Planning can lead to cost savings when designing fixtures
January 17, 2011
Too often, specifying clamps for a fixture in an automated welding cell is an afterthought. That slight can lead to unnecessary costs and complexity.
To say that specifying clamps for automated welding applications is an afterthought in North America might be an understatement. That would suggest that design engineers are thinking about them at all.
The reality is that most design engineering effort is focused on the actual creation of the component, not its design for manufacturability. As a result, the component design gets kicked downstairs to the shop floor, and only then is the robotic welding fixture considered. That’s where the focus may finally fall on the clamps. The engineer tries to force a clamp to fit the design of the fixture instead of finding the optimal and most efficient clamp and designing the fixture around it.
By overlooking the impact of properly specified clamps for an automated welding fixture, manufacturers might be incurring unneeded costs and sacrificing user-friendliness. These tips can help a design engineer deliver a better fixture for the folks responsible for manufacturing metal components.
European manufacturers understand this approach. When tackling a fixture design for a component, the European engineer is thinking of how the part should be held down and what the best way is to accomplish that task. They are more likely to incorporate standard componentry for the fixture rather than building the fixture and possibly putting themselves in a situation where they need a special clamping design, one not found in a catalog.
The phrase “special request” means additional expense associated with creating the unique clamp and more days required for delivery. In today’s world where any cost saving is significant and lead-times are measured in days and not weeks, specifying special designs for a clamp could be considered overkill.
That why it’s important to take a more holistic look at fixture design. That leveling foot the metal component might be sitting on is just as significant as the final product. The commitment to quality needs to begin before the first assembly steps are taken. The way to achieve this quality and make it repeatable is to take complexity out of the process, and that calls for basic and functional fixtures with standard clamps.
Of course, special requests can be accommodated. If a clamping arm, for example, needs to be made longer or configured in a different way, the change can be made. It, however, can’t be delivered as quickly as a stock item.
Time is money, and spending extra time trying to adjust clamps on a fixture is time the manufacturer is not getting paid for. That’s why the clamps need to be easy to adjust.
This isn’t a marketing pitch. Lean manufacturing principles dictate that steps be taken to reduce setup time between fabricating activities. Even the simplest of improvements, such as the move to a clamp that can be adjusted easily with a couple of twists of an Allen wrench, can save seconds, which add up quickly over multiple shifts.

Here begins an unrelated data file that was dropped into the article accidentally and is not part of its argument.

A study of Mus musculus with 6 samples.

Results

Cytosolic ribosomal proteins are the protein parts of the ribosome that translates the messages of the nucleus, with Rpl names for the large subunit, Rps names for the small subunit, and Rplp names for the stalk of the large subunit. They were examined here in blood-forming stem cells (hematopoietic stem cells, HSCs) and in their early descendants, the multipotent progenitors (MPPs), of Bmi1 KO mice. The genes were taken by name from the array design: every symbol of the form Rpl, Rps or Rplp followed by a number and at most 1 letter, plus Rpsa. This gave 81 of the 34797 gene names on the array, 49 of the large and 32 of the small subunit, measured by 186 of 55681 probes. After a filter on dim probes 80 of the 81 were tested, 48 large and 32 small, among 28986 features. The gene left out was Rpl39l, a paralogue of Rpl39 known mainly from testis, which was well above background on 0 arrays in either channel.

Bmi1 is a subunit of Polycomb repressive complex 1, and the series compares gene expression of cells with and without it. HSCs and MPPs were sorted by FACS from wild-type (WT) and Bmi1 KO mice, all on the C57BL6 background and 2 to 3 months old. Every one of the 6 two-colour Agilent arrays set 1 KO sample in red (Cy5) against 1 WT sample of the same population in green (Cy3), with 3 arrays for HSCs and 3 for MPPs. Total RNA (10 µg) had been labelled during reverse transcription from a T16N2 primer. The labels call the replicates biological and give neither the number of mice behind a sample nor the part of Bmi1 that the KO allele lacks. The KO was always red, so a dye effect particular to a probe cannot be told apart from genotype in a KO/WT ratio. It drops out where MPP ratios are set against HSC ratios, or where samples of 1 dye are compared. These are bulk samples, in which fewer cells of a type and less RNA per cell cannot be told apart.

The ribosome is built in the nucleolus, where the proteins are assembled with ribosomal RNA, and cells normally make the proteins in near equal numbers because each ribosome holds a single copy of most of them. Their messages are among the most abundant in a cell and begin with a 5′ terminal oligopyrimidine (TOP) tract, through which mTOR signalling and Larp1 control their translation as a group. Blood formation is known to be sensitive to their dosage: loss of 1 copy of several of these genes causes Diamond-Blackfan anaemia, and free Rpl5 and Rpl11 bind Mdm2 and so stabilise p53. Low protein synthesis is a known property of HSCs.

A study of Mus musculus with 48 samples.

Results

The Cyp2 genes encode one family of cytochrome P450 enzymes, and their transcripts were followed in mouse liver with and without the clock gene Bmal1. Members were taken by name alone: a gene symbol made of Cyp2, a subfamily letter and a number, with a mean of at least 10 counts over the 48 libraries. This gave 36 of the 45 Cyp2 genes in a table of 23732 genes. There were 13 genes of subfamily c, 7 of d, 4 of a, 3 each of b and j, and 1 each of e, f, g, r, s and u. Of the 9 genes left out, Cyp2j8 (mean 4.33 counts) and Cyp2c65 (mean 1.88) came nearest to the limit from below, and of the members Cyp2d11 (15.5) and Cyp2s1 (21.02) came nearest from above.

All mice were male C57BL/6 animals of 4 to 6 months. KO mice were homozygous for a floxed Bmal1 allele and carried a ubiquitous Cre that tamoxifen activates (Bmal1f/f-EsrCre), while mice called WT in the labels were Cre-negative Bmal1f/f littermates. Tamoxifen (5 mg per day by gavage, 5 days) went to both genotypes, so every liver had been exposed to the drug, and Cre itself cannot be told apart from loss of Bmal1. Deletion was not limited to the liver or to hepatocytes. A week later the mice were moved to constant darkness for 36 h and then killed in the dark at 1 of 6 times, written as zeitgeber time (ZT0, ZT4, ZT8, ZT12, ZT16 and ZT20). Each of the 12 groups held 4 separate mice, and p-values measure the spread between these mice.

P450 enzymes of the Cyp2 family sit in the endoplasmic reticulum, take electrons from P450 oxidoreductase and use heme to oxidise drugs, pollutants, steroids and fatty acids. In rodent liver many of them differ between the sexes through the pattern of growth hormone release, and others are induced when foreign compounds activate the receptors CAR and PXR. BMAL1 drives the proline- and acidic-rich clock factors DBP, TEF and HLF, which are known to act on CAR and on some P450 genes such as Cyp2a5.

For example, Figure 1 shows a miniclamp that is fastened to the mounting through the cylinder. This can be changed quickly without losing the original placement.
Quick-change features aren’t the only things that make a clamp user-friendly. The design can be a huge assistance as well. When pneumatic connections need to be made, for example, clamps are now being designed with connections at the underside base of the clamp (see Figure 2). This keeps the tubes out of the way of the welding robot and enables the clamps to be fastened through the collar.
Even the presence of a welding robot can’t prevent the metal in a fixture from absorbing the stresses associated with the electric arc. That’s why clamps need to be able to withstand the stresses of the welding process.
Clamps made from high-strength or treated steel are the best candidates for the job. Those made from aluminum or cast iron won’t hold up as well.
A Teflon® finish, which prevents weld splatter from sticking to a clamp, is also available for most clamps.
It’s not out of sight, out of mind. However, if a clamp is out of sight, it’s also likely out of the way of the welding robot and the torch head.
Any additional room afforded the welding robot reduces the chance of a collision with the fixture, a situation that manufacturers want to avoid at all costs. Clamp designs can be incredibly small, yet don’t give up any clamping force. In fact, a clamp as small as 40 mm by 205.5 mm is able to produce as much as 3,000 newtons of clamping force.
Contrary to the typical thoughts of someone in charge of purchasing items for a welding fixture, a clamp is not a one-time cost. The purchaser needs to think about all costs associated with that clamp throughout the component’s useful lifetime.
For example, a pneumatic clamp works in conjunction with an air compressor, and energy is needed to power the air delivery to the clamps. An inefficient clamp design can lead to much more air consumption than is necessary. In some instances, a new clamp can draw as much as 50 percent less air, which is a significant savings if the purchaser looks at each clamp in a fixture and its air consumption over a year’s time.
The buyer also should take a look at the way clamping force is delivered. A clamp with roller bearings (see Figure 3) likely will last much longer than one that relies on bushings.